In July, I celebrated my third year of working at Samaritan’s Purse, specifically, on the Operation Christmas Child team. Everyone always wants to know how I like it. Let me tell you a little bit about Operation Christmas Child, are you ready? Honestly, it’s awesome! I’ve learned a lot over the last three years. Many would like to know where to get empty shoeboxes or how to volunteer with Samaritan’s Purse, but you can go on our website for that. I have learned a ton about Operation Christmas Child and what makes it the world leader in children’s evangelism. It would be impossible for me to share all of those lessons, but I would like to give you three of them……
1. Your team is the most important piece of the puzzle
I’m sure you’ve read about the 3 C’s, Character, Competence, and Chemistry. That’s all on point. Keep these in mind when building a team. Building a high capacity team is more important than your funding, your mission, your opportunity, it trumps everything else. It makes or breaks you. Do you need more funding, more opportunity, do you have an unfocused mission? A high capacity team can address these issues. Seriously, if you don’t do anything else in your time at your organization, build an effective team. Franklin Graham has exemplified this at Samaritan’s Purse. He’s built an outstanding executive team and in turn, the executive team has hired great leaders who have staffed the entire ministry with hard working, highly capable, Jesus loving people. You can “lead up” on a lot of things, but not when it comes to building a great team. Effective team building has to trickle down.
2. Keep your eyes on the prize
When working at Samaritan’s Purse, it’s understood that sacrifices will be made. Some of these sacrifices are things like taking a pay cut compared to your for-profit counterparts, travelling, long hours, working in disasters (literally), or being away from home during important events. It’s impossible to push forward if you lose focus. We need to be constantly reminded as to why we do what we do. We desire to show God’s love in a practical way as a bridge to the Gospel. Sometimes this means we give a little boy in Panama a shoebox filled with gifts, serve during a disaster, build a church, or provide clean water to a community. No matter what, if you take your eyes off of the goal, you’ll get frustrated. Keep your eyes on the prize.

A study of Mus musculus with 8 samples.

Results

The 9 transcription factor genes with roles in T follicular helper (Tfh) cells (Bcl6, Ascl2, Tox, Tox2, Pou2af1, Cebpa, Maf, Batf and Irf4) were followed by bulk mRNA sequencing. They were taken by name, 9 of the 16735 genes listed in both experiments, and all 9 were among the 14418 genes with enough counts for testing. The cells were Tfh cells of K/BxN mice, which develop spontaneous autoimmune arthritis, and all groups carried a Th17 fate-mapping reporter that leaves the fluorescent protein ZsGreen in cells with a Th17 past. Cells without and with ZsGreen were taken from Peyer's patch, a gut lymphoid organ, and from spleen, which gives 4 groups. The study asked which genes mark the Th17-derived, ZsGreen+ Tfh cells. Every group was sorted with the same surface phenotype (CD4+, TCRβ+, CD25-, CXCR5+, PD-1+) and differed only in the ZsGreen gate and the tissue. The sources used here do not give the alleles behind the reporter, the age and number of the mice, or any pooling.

3. Credibility is everything
Credibility and the word you give to someone who partners with you is everything. It’s more important than a report, it’s more important than a news article about you, it’s more important than whether you turn a profit or not. Why? because an individual’s experience with you will, in time, outweigh all of those things. If you tell a donor that 90% of money given goes to program expenses, then it better. If you tell someone who gives to a fundraising campaign that the money will be used for a feeding program, then use all of it for a feeding program. If you tell a volunteer that you’ll provide them with adequate training, then make it happen. Credibility is your word, and your word means everything. Credibility is hard to earn and easy to lose. Don’t get me wrong, people can be understanding. If you mess up, fess up. But if you deliberately deceive someone, even if it was just a cover up after the fact, you’ll lose credibility and possibly never recover.
I would like to leave you with the following posts. These are my most read Samaritan’s Purse related posts. Enjoy!